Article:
Anchored by Jake Tapper, The Lead airs at 4 p.m. ET on CNN.
"The larger issue is this notion that we've taken any type of U.S. support on the ground off the table. That means probably the long pole in the tent in our strategy, if not the fatal flaw, is reliance on foreign rebels to be winning this war for us and I think that's going to come to haunt us," the former deputy director for plans and strategy at CENTCOM told CNN's Jake Tapper.
The Obama administration has remained steadfast that there will be no U.S. military ground forces called to action. And though a U.S.-led coalition continues to intensify its airstrikes on ISIS targets in Syria and Iraq, on Monday, Major General Jeffrey Harrigian told reporters that ISIS is "now dispersing themselves to allow themselves situations to be more survivable, if you will, which requires us to work harder to locate them."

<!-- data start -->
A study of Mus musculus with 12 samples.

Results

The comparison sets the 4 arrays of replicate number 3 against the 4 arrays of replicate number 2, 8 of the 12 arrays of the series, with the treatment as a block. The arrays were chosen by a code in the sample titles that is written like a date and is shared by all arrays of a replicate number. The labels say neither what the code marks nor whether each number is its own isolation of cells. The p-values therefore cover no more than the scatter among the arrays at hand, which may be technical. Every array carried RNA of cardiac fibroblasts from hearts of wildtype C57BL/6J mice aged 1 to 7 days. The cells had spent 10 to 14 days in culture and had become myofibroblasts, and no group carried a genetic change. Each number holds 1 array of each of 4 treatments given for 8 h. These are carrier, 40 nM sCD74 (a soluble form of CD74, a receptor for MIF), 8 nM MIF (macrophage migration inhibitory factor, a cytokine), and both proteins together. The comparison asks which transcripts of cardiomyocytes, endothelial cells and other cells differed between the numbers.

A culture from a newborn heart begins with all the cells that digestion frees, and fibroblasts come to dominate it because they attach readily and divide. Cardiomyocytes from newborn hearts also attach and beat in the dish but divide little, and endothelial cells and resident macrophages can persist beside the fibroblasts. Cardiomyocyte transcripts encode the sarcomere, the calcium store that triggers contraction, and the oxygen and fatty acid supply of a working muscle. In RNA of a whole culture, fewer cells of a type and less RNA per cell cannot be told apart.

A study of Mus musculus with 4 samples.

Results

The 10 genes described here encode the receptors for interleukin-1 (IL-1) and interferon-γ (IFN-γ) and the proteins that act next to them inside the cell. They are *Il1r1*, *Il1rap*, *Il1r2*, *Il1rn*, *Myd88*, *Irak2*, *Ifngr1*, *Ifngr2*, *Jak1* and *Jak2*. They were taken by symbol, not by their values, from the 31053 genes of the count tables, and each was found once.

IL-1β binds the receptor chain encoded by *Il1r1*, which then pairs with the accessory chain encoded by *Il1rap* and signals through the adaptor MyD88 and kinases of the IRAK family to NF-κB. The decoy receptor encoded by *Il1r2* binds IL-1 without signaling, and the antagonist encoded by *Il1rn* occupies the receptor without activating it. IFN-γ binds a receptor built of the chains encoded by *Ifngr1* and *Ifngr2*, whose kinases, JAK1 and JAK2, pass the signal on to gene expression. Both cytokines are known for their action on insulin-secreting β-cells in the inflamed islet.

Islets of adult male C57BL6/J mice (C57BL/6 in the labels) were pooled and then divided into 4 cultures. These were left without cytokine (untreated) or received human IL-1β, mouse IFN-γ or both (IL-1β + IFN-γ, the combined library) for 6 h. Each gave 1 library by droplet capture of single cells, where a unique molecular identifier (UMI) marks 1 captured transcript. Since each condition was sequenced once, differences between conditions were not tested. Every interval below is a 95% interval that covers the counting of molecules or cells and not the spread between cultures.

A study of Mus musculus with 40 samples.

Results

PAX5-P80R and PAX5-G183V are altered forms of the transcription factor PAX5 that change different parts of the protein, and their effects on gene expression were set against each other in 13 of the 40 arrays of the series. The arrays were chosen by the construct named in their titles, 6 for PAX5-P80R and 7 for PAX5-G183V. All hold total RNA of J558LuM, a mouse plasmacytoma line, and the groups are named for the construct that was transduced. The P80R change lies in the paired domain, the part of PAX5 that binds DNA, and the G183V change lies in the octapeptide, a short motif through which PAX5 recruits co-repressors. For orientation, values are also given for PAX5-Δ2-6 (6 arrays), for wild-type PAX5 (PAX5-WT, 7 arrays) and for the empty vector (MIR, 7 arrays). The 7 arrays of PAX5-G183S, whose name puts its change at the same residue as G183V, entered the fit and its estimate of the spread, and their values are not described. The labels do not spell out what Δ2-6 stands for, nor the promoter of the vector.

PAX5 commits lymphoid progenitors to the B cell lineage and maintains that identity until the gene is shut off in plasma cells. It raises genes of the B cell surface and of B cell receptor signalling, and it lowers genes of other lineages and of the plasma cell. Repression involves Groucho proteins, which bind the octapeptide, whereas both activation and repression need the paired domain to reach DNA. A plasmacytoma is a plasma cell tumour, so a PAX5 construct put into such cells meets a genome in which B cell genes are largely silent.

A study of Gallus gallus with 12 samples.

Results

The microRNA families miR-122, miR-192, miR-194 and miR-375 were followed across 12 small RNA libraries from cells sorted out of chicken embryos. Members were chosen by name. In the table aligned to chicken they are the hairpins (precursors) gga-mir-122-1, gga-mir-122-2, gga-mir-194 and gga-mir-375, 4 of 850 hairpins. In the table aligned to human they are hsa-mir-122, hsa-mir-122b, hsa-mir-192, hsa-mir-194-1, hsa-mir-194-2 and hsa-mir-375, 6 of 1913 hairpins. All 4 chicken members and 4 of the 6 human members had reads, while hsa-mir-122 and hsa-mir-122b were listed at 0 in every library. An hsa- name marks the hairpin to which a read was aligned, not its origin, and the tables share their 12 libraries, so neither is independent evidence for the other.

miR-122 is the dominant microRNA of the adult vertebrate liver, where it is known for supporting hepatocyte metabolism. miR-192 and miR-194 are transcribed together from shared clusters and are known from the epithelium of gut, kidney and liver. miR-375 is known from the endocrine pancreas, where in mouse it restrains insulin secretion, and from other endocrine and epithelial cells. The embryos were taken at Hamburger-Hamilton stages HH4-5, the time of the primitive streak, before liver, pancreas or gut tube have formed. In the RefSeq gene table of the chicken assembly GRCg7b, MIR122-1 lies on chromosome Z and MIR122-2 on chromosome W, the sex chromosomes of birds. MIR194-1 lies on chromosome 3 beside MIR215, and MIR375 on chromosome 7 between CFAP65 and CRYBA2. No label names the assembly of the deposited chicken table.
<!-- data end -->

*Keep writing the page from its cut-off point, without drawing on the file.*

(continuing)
Kimmitt believes this should come as no surprise.
"The strategy of relying on air alone - without it being directed by perhaps U.S. Special Forces, perhaps by Special Forces JTAC's - has put us in the dilemma now where the enemy is adapting to what we're doing," Kimmitt said. "Nobody should be surprised that they are adapting to the air strikes. That's exactly what you'd expect the enemy to do on the ground. My question is, how are we going to adapt to the point where the enemy is now focused on how we're operating."
"Warfare is a matter of adapting and re-adapting to what the enemy is doing. That's certainly what they are doing to us! I question whether we're doing that to them."
For more of our interview with Brig. Gen. Mark Kimmitt, watch the video above.